Tuesday, July 28, 2009

Arctic Pelagic

Sabine's Gull

Last Saturday a local Inupiaq invited us on a pelagic trip to look for whales and birds. After boarding his boat, we were soon 4.5 miles out into the Chuckchi Sea and surrounded by Gray Whales, Bearded Seals and seabirds. Lewis has a lot of experience with whales being one of the local whaling captains so he was able to get us fantastic views of Gray Whales.

Here’s how close we got to view these majestic mammals. Words can’t explain how incredible it was to have them surface just feet away. We could feel the rumble as every whale took a deep breath before submerging back into the water to feed on the ocean floor.

These whales skim the top layer of sediment on the ocean floor returning to the surface straining the sediment through their baleen. This allows them to swallow only the bottom-dwelling invertebrates. As we watched them surfaced, we were able to see a lot of the sediment they brought up from the ocean floor.

After tearing ourselves away from the whales, we cruised along some of the sea ice in search of pelagic birds.

As we passed an iceberg we came across this group of Red Phalaropes. It took me a split second to remember that Red Phalaropes are actually pelagic birds. For the past two months I was studying their nesting habits on the tundra.

Here are the three most common Laridae off Barrow apart from Glaucous Gull. From left to right – Arctic Tern, Sabine’s Gull and Black-legged Kittiwake.

Arctic Terns are rather abundant in well…the Arctic. Here’s an oddly shaped iceberg with a couple dozen roosting on top.

I really want to get out on another pelagic but with only four full days remaining in Barrow, it’s unlikely. Perhaps next week, we will take a trip off Homer or Seward, Alaska.

Thursday, July 16, 2009

July update 7/16

Baird's Sandpiper

Things are slowing down here on the tundra and only a few nests remain on our study plots. Even though a lot of chicks hatched, the majority of the clutches were predated – probably around 60%. This is partially due to it being a lemming crash year. Predators such as jaegers and foxes feed on lemmings and when numbers are low, shorebird eggs are next on their menu. During the past month and a half, I personally saw only one Brown Lemming. Last year a few hundred a day wasn’t out of the question. Here are a few chick photos..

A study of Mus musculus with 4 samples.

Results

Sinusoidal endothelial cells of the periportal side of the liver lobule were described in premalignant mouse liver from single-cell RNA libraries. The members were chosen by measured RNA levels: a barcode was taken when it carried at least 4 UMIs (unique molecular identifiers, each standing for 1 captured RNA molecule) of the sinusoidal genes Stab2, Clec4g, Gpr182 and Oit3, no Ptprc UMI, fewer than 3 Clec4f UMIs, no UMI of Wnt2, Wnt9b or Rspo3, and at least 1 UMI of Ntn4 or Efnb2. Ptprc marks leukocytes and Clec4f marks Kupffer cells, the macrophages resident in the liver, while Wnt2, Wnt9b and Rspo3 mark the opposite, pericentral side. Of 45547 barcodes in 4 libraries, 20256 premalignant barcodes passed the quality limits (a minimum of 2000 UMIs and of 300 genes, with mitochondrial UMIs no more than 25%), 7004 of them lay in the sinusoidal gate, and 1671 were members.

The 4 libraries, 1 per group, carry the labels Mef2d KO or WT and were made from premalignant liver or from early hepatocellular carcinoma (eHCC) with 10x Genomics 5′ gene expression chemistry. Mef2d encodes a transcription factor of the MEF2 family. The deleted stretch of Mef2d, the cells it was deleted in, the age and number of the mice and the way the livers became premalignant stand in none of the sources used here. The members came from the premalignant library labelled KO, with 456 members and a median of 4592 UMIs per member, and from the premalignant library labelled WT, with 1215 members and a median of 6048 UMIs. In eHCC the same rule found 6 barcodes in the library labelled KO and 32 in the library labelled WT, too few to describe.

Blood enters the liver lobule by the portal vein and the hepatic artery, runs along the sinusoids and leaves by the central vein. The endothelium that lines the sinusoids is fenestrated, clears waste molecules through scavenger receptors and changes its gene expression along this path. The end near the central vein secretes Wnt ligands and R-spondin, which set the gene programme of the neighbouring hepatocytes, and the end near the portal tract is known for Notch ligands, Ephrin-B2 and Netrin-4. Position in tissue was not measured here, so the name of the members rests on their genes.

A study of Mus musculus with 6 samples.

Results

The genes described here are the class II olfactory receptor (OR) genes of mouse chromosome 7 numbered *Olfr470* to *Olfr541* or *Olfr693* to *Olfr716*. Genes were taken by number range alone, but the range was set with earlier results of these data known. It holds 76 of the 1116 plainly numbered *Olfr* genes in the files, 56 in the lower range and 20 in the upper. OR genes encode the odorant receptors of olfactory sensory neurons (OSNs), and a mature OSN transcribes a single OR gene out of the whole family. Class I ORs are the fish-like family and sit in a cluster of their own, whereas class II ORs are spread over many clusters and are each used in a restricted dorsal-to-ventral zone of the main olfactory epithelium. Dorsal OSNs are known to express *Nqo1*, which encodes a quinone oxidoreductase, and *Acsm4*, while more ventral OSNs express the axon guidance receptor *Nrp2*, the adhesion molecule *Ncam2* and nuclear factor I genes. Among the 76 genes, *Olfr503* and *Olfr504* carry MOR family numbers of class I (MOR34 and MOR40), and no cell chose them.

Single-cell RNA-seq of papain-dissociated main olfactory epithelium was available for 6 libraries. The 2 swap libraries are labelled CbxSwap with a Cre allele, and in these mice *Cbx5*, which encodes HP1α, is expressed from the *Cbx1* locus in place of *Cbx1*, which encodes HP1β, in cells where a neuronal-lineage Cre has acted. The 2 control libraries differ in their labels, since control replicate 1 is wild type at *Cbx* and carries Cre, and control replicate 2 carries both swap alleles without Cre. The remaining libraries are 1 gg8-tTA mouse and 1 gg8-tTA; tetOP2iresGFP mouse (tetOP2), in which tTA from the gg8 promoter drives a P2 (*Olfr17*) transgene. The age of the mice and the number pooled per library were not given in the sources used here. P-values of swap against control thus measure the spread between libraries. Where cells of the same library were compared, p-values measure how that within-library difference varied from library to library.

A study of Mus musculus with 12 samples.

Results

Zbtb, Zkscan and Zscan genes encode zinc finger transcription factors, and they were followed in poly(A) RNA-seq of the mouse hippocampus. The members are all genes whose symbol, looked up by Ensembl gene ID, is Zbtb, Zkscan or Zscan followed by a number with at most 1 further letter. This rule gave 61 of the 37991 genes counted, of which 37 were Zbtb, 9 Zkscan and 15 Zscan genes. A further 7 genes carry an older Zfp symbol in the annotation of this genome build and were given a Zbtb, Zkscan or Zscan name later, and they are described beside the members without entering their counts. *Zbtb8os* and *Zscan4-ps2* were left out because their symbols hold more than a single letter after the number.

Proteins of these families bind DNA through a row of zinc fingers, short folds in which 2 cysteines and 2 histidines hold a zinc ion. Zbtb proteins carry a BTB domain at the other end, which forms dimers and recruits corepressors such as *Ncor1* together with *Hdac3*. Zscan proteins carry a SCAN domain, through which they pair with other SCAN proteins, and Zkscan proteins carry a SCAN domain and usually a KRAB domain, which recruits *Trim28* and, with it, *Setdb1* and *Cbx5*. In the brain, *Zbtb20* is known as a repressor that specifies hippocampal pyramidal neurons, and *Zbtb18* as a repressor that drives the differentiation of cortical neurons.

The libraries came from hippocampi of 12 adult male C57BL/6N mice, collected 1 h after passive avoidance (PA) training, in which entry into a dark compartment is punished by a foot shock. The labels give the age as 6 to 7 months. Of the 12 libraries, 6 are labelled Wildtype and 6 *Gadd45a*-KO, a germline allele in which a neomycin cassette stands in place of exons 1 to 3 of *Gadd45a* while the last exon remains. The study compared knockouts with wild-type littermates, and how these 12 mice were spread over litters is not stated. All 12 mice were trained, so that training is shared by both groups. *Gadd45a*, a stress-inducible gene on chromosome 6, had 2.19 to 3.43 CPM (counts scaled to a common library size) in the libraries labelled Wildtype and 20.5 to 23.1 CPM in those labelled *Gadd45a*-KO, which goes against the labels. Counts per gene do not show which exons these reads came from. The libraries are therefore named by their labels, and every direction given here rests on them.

Semipalmated Sandpiper chick (the white dot on its bill is an egg tooth which helps them break through their shells)

Red-necked Phalarope chick

Red-necked Phalarope chick point-of-view

Dunlin chicks

Two days ago we experienced record high temperatures reaching somewhere in the low 70’s. I would have never guessed that 70 degrees would feel too hot but we were feeling it. Every year the Barrow shorebird group partakes in a ‘mandatory’ polar bear dive in the Arctic Ocean. With water temps barely above freezing, it’s actually not that cold…you just instantly go numb!


The height of the moment when we were asking what did we get ourselves into?

The rest of the season will be spent monitoring the last remaining nests, data entry and gear cleanup/inventory. I leave Barrow on August 1st and will be back in Ohio on the 10th. The time between will be spent birding around the Denali/Seward/Homer area with a few friends that I’ve been working with in Barrow. Until next time, cheers!

Semipalmated Plover - banded in '08

Monday, July 6, 2009

Unofficial state bird of Alaska

Yesterday was a stunning day with warm temperatures and practically no wind. Unfortunately, that’s when all the mosquitoes decided to hatch out. Swarms of mosquitoes engulfed us as we attempted to nest search and band shorebirds. Here’s a short clip I took showing the hordes of them surrounding us as we banded an American Golden-Plover.

video

It’s hard to believe that just a few days ago there were practically no mosquitoes. Who wants to come and visit!?! As bad as it looks, the majority of them weren't biting.